The elastic waistband, cut from a pair of size 36 “tighty whitey” underpants, stopped me in my tracks.
“Why,” I asked Dad, holding up the waistband, “do you still have this?”
“That’s a perfectly good piece of elastic,” he said, appreciating my incredulity and the humor of the moment — along with his own thriftiness.
An abundance of discovery washed over me last Saturday as I helped Dad clean out his garage. He’s selling his Pinehurst place in a few weeks, and though he and Mom were only there for 12 years, they brought with them a lifetime of collected things.
Dad, born on the front porch of the Depression, grew up wasting not. Everything had a use — and multiple reuses. This he never grew out of. When his sons would plow through another jar of peanut butter, both jar and lid would be washed for repurposing. He would glue the lid to the underside of a shelf in his workshop and then use the jar for storing nails, screws, bolts — you name it. Then he’d screw the jar to the lid. He had a wall of tiered shelving like this.
Dad was never a tradesman, but I can’t recall a skill he couldn’t perform with a tool. Our home in Maryland had an unfinished basement. Over weekends, he finished it in, even installing a chalk board for the boys — and building a workshop room for himself around the air-handling equipment.
Dad inherited his father-in-law’s wooden workbench and tools. Over the years, Dad accumulated so many more: tools for woodworking, electrical, plumbing, gardening.
Home Depot and Lowe’s show all these well-groomed millennial men with their well-groomed work projects. Dad was the origin story, in his grimy paint-stained T-shirt and jeans, sweating out some project over Grandpa Domenick’s old workbench, a fluorescent bulb in the shop light dangling above him, the tinny radio playing one of those sickening easy-listening songs. Neatly organized all around him, hanging from pegboards, tucked away in hand-labeled bins, or stowed in former peanut butter jars were a collective of odds and ends that — you never know! — would come in handy one day.
“I have a variety!” Dad exclaimed in self-defense.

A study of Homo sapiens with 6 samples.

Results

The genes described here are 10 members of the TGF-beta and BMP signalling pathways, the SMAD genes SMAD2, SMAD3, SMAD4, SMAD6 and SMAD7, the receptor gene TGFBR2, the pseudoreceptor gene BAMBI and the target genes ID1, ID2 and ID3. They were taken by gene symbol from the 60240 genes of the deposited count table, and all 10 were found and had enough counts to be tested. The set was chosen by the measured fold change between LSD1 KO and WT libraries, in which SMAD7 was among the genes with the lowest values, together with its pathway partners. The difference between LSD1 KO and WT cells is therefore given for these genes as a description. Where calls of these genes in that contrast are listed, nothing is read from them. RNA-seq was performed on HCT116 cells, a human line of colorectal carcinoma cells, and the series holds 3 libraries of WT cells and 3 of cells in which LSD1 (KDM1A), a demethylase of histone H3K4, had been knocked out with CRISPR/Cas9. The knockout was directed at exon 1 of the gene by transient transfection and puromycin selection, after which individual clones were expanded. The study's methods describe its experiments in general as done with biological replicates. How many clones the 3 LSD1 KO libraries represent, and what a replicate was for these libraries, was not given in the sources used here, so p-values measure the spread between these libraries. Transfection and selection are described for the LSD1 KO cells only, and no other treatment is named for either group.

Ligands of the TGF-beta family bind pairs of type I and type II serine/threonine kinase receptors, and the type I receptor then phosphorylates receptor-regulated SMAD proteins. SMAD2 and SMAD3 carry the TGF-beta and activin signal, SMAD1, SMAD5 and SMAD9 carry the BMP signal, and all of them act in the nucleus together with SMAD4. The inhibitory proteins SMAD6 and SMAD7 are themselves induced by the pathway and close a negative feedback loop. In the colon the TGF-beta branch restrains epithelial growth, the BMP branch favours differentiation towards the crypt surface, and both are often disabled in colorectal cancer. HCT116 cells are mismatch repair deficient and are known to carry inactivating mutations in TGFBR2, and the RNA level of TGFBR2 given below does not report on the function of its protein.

One drawer we cleaned out last week was just rolls of tape, including a roll I remember messing with as a kid. It was a large heavy roll whose adhesive you had to wet first before applying. It was made by Minnesota Mining and Manufacturing Co. — before the company started calling itself 3M! Keep or discard? I kept.
Another drawer had scraps of elastic, bundles of twist ties, short lengths of rope. Keep or discard? I kept some, threw some out.
Then we came to the tools, some of which belonged to both my grandfathers: grips, screwdrivers, hammers, a Craftsman drill in a metal carrying case, bits of every size, wire strippers, borers, levels, ice picks — ice picks! — shears, socket sets. Keep or discard? Are you crazy? I kept all of it, including a small T-square. I’ve never used one and probably never will, but hey, it’s family.
The finds weren’t limited to Dad’s workbench. In the garage closet, he had neatly labeled bins containing assorted electrical components, plumbing parts and 20-year-old cordless phones and assorted computer peripherals. On the shelf were empty padded mailing envelopes, next to empty odd-sized boxes. Because you never know.
The one keeper of the closet was wrapped in a plastic bag: our old avocado-green rotary phone from 40 years ago. This had been an upgrade from our black rotary phone. The center circle of the rotary has typed out — as in, a typewriter — our phone number: 305-777-5333.
Cable TV is filled with shows about the discovery and recovery of past things. And we can sit there on a sofa and scoff at those crazy people who kept all that crap all those years.
But these things we’ve been handed down? What’s so crazy about all this? Only that we’d think of getting rid of it. Because you never know when you’ll need a good piece of elastic.